Chronicle holds a certain pedigree aside past superpower standards by being quick, sharp, and not slowed down by the usual pseudo-explanations of energy-weapons and tele-antics. It is a series of footage filmed by Andrew, the vital but troubled anti-hero. For this sort of filming to work it has to be confident with its own dialogue; the filmmaker must cut to scenes with an idea of where it’s going, and Director Josh Trank does this successfully and entertainingly. He doesn’t spend long minute scenes of Andrew or Matt picking up clothes off the floor, but instead makes quick shots of these personal-effects, like Andrew using his telekinesis to turn his oxygen-deprecated mother into a more comfortable sleeping position.
So my take on the hand-held cam criticism is this: it’s a novel metaphor. The cameras lack of steadiness makes it troublesome to follow in its righted-angles and thus making us have to exhibit a form of telefocus (Yes, I just said telefocus). The audience has to work and absorb with their powers of mutual information; we can understand ungrammatical and terribly spelled sentences because we are familiar with them and can make connections. The same goes for images.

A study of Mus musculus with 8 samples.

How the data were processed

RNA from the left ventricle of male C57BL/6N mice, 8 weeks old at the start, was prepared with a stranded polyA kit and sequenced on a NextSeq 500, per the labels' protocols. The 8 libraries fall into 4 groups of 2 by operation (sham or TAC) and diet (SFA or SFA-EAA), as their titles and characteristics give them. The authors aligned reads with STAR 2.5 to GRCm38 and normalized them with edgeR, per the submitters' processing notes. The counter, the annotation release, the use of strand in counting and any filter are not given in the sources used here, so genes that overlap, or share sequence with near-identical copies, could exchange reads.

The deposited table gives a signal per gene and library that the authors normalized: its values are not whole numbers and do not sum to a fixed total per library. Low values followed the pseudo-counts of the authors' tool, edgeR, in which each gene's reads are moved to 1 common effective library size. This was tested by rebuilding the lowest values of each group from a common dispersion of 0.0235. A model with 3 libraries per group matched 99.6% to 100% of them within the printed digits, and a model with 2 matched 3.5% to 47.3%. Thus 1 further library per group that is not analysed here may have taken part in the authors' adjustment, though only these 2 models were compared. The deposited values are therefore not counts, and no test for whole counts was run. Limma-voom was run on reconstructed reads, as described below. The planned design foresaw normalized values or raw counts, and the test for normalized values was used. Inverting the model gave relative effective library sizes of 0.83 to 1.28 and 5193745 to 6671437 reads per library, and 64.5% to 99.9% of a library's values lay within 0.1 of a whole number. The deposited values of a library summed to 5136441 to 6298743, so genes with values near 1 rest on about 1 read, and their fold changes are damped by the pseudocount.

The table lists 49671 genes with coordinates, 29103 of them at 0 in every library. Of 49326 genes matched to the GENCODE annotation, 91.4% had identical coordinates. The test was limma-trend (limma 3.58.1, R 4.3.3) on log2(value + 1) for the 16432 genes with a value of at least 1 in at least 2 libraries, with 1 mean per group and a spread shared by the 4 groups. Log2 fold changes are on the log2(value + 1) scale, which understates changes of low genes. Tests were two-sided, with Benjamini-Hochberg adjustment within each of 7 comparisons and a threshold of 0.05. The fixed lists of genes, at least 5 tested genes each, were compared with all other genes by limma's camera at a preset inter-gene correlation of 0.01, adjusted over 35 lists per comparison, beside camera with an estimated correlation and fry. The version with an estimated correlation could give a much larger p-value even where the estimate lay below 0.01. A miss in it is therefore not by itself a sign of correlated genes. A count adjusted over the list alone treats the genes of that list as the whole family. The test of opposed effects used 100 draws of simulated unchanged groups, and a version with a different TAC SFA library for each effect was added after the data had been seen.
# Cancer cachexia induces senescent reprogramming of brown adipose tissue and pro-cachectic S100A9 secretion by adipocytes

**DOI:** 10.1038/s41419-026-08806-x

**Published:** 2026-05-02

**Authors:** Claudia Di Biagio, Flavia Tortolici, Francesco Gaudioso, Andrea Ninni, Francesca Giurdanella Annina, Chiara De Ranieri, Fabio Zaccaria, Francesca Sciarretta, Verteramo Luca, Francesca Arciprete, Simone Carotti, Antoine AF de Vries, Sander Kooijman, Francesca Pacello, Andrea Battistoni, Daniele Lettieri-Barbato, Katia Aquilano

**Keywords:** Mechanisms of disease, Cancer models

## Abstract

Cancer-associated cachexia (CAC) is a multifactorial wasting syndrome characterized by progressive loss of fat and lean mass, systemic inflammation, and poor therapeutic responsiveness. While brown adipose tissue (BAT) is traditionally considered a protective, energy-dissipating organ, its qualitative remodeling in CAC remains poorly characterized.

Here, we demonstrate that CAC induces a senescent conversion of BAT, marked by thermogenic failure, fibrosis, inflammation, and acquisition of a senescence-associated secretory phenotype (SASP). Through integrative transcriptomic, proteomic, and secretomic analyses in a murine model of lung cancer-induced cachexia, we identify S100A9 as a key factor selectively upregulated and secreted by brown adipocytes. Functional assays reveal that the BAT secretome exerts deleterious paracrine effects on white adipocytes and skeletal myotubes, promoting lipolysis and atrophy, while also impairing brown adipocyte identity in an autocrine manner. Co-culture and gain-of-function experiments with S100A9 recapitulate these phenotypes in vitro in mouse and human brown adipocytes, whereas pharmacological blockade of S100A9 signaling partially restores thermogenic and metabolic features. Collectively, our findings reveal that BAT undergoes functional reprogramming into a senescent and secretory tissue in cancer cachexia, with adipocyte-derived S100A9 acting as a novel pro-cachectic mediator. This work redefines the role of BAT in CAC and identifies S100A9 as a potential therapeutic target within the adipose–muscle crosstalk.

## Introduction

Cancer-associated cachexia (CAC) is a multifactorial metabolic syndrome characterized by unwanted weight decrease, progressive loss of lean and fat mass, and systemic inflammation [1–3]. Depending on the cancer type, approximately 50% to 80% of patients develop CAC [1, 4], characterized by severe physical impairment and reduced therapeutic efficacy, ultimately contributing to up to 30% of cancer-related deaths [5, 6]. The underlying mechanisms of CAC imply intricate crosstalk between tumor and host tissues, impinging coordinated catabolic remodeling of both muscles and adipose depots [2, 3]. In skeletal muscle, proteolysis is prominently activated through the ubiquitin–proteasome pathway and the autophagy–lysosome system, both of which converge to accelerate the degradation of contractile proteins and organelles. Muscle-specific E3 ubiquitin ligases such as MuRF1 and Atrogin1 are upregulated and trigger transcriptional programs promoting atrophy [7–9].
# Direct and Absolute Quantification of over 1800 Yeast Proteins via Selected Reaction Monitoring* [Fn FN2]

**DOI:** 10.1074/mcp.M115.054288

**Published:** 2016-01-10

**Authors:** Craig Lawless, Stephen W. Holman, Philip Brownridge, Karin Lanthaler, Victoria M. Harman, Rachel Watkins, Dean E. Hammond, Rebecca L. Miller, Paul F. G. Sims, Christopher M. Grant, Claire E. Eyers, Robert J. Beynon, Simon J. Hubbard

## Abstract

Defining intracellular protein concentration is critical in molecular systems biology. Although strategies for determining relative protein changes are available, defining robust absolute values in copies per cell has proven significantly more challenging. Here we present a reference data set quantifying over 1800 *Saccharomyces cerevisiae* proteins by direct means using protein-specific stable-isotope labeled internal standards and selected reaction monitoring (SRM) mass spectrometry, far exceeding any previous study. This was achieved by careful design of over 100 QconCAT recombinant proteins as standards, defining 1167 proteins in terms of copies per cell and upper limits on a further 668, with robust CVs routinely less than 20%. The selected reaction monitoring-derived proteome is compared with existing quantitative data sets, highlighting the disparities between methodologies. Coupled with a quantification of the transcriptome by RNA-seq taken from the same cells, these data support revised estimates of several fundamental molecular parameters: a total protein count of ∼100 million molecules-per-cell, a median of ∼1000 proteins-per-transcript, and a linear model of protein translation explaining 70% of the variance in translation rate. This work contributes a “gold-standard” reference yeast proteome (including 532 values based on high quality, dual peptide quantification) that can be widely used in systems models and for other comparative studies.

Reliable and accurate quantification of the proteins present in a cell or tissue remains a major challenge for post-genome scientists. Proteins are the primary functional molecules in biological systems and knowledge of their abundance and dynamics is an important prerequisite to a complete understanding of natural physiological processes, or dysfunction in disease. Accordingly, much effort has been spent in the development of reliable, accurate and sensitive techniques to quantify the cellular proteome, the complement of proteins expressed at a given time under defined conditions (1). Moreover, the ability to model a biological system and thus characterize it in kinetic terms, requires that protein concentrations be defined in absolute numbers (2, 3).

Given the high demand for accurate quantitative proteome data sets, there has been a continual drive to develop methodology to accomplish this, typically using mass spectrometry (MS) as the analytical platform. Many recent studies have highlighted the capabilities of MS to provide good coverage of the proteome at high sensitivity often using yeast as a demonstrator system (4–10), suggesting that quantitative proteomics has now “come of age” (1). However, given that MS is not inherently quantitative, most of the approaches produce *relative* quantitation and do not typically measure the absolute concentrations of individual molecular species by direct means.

The teenage innocence that bears the exposition weighs heavy in the films overall, fairly short, run-time. The film gets in gear when the turmoil of Andrews’ mother’s death and his rampaging father kicks him in the stomach, filled with superpowers and anger, a combination that any comic-book fan can predict as being fatal. It could be argued that the reasons behind his fatal-conclusion was not self-induced; indeed, it is a theme of Schopenhauer. Andrew exerted his power with destructive grace, but could have continued, if it wouldn’t have been for the intervening will of his cousin; so in the end, his cousin nor himself were the cause, but only puppets of power.
Matt, Andrews cousin, displays his interest in Philosophy, and most boldly, in like said, Schopenhauer. For movies with lack of substance It’s always key to remember the heavy-dialogue and store it to be thought about at later times. While Andrew was an introvert, which most of the time in the movies is analogous with intelligence, his cousin is well-tempered and profited with philosophy.
The cause-and-effect dualism is expertly crafted in this movie because all that’s seen is in the bounds of of their powers, a feature length exploration of ability. We don’t see how the characters arrive at the scenario, but why they are there through the action that ensues; It’s like every scene is an open frame, with wild things happening all around. The film weaves itself across its tragedies and out the other end with a sense of honest optimism. A short, yet affecting kinetic thrill ride.